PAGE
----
Every upcoming movie goes through a feminism test known as the Bechdel Test or, the Bechdel-Wallace test. It is used as a measure of active intelligent female participation in films and other works of fiction, where they have sensible conversations on things other than men.
It is named after cartoonist Alison Bechdel, in whose comic strip Dykes to Watch Out For it first appeared in 1985. In a strip titled “The Rule”, two women, who resemble the future characters Mo and Ginger, discuss seeing a film and the black woman explains that she only goes to a movie if it satisfies the following requirements:
- Two female characters (preferably named),
- Who talk to each other,
- About something other than a man.
The white woman acknowledges that the idea is pretty strict, but good. Not finding any films that meet their requirements, they go home together.
Can you find anything common in the following films?
Harry Potter and the Deathly Hallows: Part II; Avatar; The Original Star Wars Trilogy; Lord of The Rings Trilogy; The Revenant; The Hurt Locker; Shrek 2008
No, they are not just among the highest grossing films ever. They ALL fail the Bechdel test. Surprising, isn’t it?
Now here are a few films you never thought would manage to pass a test even remotely related to feminism:
American Pie 2: There’s a scene where the girls talk about, you guessed it, clothes!
Remember the Titans: Too much testosterone, but hey! The coaches’ daughters manage a dialogue about dolls!
Fifty Shades of grey: Yeah. Don’t even.
The Karate Kid: Concerned family.
No Country For Old Men: Some Mother-Daughter medicine talk
Jurassic Park (1993): And two interactions that let it pass are:
Lex: “It’s in there!”
Ellie: “Control room!”
Lex: “We can call for help!”
Ellie: “We have to reboot the system first.”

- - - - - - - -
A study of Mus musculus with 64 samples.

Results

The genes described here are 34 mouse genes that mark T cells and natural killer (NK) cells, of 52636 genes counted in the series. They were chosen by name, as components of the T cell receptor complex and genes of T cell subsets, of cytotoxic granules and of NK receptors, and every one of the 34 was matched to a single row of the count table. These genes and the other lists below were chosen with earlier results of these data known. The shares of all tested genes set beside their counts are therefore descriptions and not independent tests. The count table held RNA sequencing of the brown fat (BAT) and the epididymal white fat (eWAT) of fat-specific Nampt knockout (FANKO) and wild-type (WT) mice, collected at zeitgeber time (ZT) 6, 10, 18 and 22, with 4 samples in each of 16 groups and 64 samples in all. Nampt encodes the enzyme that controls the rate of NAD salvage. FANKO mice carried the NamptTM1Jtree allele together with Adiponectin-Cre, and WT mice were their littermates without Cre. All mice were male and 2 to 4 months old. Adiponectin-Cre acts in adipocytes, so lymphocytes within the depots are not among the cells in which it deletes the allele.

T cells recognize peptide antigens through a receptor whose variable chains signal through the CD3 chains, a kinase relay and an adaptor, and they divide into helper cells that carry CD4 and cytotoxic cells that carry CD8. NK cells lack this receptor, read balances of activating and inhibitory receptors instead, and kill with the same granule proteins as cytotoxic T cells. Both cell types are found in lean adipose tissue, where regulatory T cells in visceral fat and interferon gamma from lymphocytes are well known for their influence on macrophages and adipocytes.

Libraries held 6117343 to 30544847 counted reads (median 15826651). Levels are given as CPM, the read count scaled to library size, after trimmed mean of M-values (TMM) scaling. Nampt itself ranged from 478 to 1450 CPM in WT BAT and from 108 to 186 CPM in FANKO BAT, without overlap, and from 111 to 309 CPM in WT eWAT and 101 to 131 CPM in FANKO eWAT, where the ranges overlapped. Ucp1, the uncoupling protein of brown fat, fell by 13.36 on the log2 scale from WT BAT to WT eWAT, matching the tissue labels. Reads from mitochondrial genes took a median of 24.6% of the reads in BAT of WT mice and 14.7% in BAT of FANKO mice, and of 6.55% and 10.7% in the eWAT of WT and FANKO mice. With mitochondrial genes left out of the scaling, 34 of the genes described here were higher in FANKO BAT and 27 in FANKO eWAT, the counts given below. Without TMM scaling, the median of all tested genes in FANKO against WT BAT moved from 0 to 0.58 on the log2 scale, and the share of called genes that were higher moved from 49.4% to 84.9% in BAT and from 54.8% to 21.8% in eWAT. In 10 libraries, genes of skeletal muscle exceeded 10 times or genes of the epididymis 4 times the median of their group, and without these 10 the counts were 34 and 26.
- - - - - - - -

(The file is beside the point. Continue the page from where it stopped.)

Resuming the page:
More than half of the films that do manage to pass this test of feminism only do so because women talk about marriage or babies. There are some movies centered entirely around women who still fail the test, whereas, some very sexist films manage to pass the test by sneaking in a dialogue or two. Well, never two. In the television series Sex and the City, which also fails the test, one of the four female main characters asks, “How does it happen that four such smart women have nothing to talk about but boyfriends? It’s like seventh grade with bank accounts!”
FEMINISM IN POPULAR CULTURE
I know, people probably didn’t even think that much about female representation in works of fiction. No, it is not a conspiracy by anti-feminists to degrade women even more. Even though some films manage to pass just by the skin of their teeth, the test is fast coming onto the radars of major filmmakers.
Several variants of the test have been proposed—for example, that the two women must be named characters, or that there must be at least a total of 60 seconds of conversation. Although there is a long way to go for this
The European cinema fund Eurimages and some Nordic cable television channels have incorporated the Bechdel test into some of their ratings. Eurimages requires “a Bechdel analysis of the script to be supplied by the script readers”. It is also applied to comics and video games nowadays. British actor Beth Watson launched a “Bechdel Theatre” campaign in 2015 that aims to highlight test-passing plays with tweets.
If passing the test were a stringent criterion, it would severely have jeopardized half of the Academy Award for Best Picture nominees. The Bechdel Test is surely a step towards gender equality as directors nowadays are trying to incorporate more and more meaningful female characters in their movies. Even if women of the world haven’t yet claimed their rightful share in real life, we hope the reel-life will be a step towards it.